Hundreds of methods exist for the protection of private data, ranging from software and hardware firewalls, proxy servers, encryption protocols and many others, but precious few of these techniques effectively preserve the anonymity of a user whilst online. Major search engines and the corporations backing them have found ways of bypassing the efficacy of these measures, effectively rendering them useless for the purposes of anonymity. IP addresses can be tracked, cookies used to cache form inputs, search results linked to IP addresses and personal information collected and sold for any number of reasons to any number of buyers. The software enables this with little difficulty given the browsing habits typical of even internet weary individuals, and this practice is widespread, especially amongst the most popular search engines.
In most cases, this tracking is dismissed as harmless, leading only to directed advertisement and the occasional spam email. Problems abound, however, when this information falls into the wrong hands or confidential, potentially embarrassing, or secure information is made available invisibly to the user.
Avoiding these tracking mechanisms is extraordinarily difficult, leaving any user connected directly to the internet with little or no recourse. Virtual Private Networks (VPN) function well in alleviating this difficulty. An Anonymous VPN will mask the user’s IP address, throwing off the tracking software much in the same way that using a different computer or proxy would, but offers a subtle, additional layer of security in that the protocols responsible for internet communication cannot be coaxed into revealing the user’s true IP address, as the IP address is one issued by the VPN service, essentially a worthless address to trace.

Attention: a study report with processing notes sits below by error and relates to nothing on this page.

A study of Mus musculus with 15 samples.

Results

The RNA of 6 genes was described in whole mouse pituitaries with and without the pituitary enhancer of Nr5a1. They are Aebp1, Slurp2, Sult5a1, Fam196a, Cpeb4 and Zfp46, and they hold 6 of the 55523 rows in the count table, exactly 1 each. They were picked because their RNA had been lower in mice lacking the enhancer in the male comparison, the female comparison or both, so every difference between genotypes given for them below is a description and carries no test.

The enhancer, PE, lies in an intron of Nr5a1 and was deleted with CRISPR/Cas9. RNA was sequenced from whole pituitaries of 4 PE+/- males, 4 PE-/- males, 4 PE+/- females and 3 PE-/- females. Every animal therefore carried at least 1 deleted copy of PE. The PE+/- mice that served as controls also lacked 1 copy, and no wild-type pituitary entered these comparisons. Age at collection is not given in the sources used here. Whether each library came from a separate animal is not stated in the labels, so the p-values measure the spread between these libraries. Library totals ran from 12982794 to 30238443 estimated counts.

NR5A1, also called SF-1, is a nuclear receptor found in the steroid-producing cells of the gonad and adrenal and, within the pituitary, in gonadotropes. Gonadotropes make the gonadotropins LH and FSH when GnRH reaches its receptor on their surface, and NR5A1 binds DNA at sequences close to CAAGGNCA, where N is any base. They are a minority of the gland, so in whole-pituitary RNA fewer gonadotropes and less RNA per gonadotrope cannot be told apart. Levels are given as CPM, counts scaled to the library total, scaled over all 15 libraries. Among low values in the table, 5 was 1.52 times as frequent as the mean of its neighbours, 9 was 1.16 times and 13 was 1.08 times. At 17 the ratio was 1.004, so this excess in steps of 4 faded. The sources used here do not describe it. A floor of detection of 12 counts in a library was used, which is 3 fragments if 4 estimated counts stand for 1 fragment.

VPN’s are also highly useful for other contexts besides evading this software. From allowing an unknown individual’s software to connect to their computer without revealing their IP address to providing a static IP to a user seeking to establish a server with access only to a dynamic IP, VPN’s have a wide variety of uses. Creating a secure network space for computers in vastly different locations becomes readily possible through the application of a VPN, and without direct access, it is extraordinarily difficult to penetrate these networks.
Finding a free Anonymous VPN is relatively easy, but these free services are rarely if ever ideal for the purposes of long term security or anonymity. With severe limitations on bandwidth and time coupled with little to no assurance of continued service or stability, these free VPN’s rarely last long and rarely meet the needs of a user with frequent internet usage. By stark contrast, a paid VPN service will most often come with a terms of service that protects its users, a staff or team dedicated to maintaining the stability and integrity of the service, and a profitable business plan that allows the service to remain in operation essentially indefinitely. Reliance upon a free VPN is rarely rewarding and can lead to frequent disappointment, frustration and difficulty. Paid services rarely charge excessively and provide a faster, more secure service that has the insurance of longevity.
This post was contributed by Mark Hannsen, a technology writer and network design engineer at iVPN.net.